I want to describe the results of the PhD student using a catch-phrase:
One phrase came to my mind, but I am not sure how suitable it is here:

The results concluded form the analysis were irrefutable.

Please, can you help me with better phrases or iterations of the same theme, e.g., using the committee-[something], I heard of one phrase but I lost the site where I read it, it was like: jury-[something]. Now looking for it like searching for a straw in a haystack.

  • It might have been a nonce word such as jury-swaying. 'Committee-swaying' would be noncer (but probably less so than 'noncer'). – Edwin Ashworth Mar 15 '14 at 10:00
  • thanks, I don't know if this is the word, but does it suggest also that the concluded results are immune to critics made by the jury? they cannot refute it or contradict it. – doctorate Mar 15 '14 at 10:27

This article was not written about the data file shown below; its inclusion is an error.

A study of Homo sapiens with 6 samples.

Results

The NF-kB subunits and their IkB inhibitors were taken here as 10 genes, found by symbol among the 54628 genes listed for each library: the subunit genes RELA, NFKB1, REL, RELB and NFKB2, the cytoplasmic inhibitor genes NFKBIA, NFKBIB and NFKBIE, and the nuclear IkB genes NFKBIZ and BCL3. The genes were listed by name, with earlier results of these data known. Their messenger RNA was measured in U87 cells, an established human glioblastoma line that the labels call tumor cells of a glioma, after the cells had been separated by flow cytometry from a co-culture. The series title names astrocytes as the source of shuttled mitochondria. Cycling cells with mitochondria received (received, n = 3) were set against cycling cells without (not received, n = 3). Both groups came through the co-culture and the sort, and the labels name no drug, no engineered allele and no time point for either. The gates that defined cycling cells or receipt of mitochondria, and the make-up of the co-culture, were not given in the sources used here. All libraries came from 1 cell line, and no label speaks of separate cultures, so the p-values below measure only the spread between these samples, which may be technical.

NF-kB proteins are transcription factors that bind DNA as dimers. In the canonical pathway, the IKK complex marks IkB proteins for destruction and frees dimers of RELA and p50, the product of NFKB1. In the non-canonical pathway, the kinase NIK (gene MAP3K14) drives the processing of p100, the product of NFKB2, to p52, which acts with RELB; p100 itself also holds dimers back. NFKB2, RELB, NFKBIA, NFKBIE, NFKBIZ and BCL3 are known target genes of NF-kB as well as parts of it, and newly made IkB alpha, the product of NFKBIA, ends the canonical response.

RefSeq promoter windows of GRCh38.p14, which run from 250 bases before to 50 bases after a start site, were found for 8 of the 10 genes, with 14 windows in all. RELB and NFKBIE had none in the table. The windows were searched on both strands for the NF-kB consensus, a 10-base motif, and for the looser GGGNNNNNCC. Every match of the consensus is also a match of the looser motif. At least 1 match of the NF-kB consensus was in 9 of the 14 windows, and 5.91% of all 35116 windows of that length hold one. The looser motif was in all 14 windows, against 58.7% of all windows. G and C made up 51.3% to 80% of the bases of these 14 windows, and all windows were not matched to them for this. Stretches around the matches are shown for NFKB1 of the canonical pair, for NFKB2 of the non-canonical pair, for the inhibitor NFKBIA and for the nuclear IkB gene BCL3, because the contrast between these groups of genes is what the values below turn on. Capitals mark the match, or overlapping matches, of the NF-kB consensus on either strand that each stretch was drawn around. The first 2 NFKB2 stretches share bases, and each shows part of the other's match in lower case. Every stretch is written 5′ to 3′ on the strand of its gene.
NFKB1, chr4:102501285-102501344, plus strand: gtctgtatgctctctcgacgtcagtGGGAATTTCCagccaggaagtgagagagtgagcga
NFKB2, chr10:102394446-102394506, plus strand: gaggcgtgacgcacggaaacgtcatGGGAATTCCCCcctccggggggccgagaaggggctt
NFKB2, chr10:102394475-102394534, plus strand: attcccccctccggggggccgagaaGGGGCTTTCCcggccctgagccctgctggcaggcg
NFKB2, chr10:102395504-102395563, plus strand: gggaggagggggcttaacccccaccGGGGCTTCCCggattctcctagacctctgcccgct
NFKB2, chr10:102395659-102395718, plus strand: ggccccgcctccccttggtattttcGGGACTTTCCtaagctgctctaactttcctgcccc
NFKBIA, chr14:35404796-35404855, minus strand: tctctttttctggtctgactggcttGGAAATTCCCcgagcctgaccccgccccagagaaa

• Something is confusing me here. Your first paragraph builds up the story that the candidate is expecting and preparing for a major academic battle. Then you ask about the phrase used to describe the case that he has already won the battle (swayed the committee). Are you seeking a phrase he should use (to sway the committee), or what? – Martin F Mar 20 '14 at 22:25

The results concluded form the analysis were irrefutable.

Then any of these would suffice:

The results of the analysis were irrefutable.

The results from the analysis were irrefutable.

The conclusions of the analysis were irrefutable.

The conclusions from the analysis were irrefutable.

As Edwin suggests, 'incontestable' or 'incontrovertible' could work instead of 'irrefutable', but so might 'indisputable', 'undeniable', 'beyond dispute', 'unassailable' or 'unquestionable'.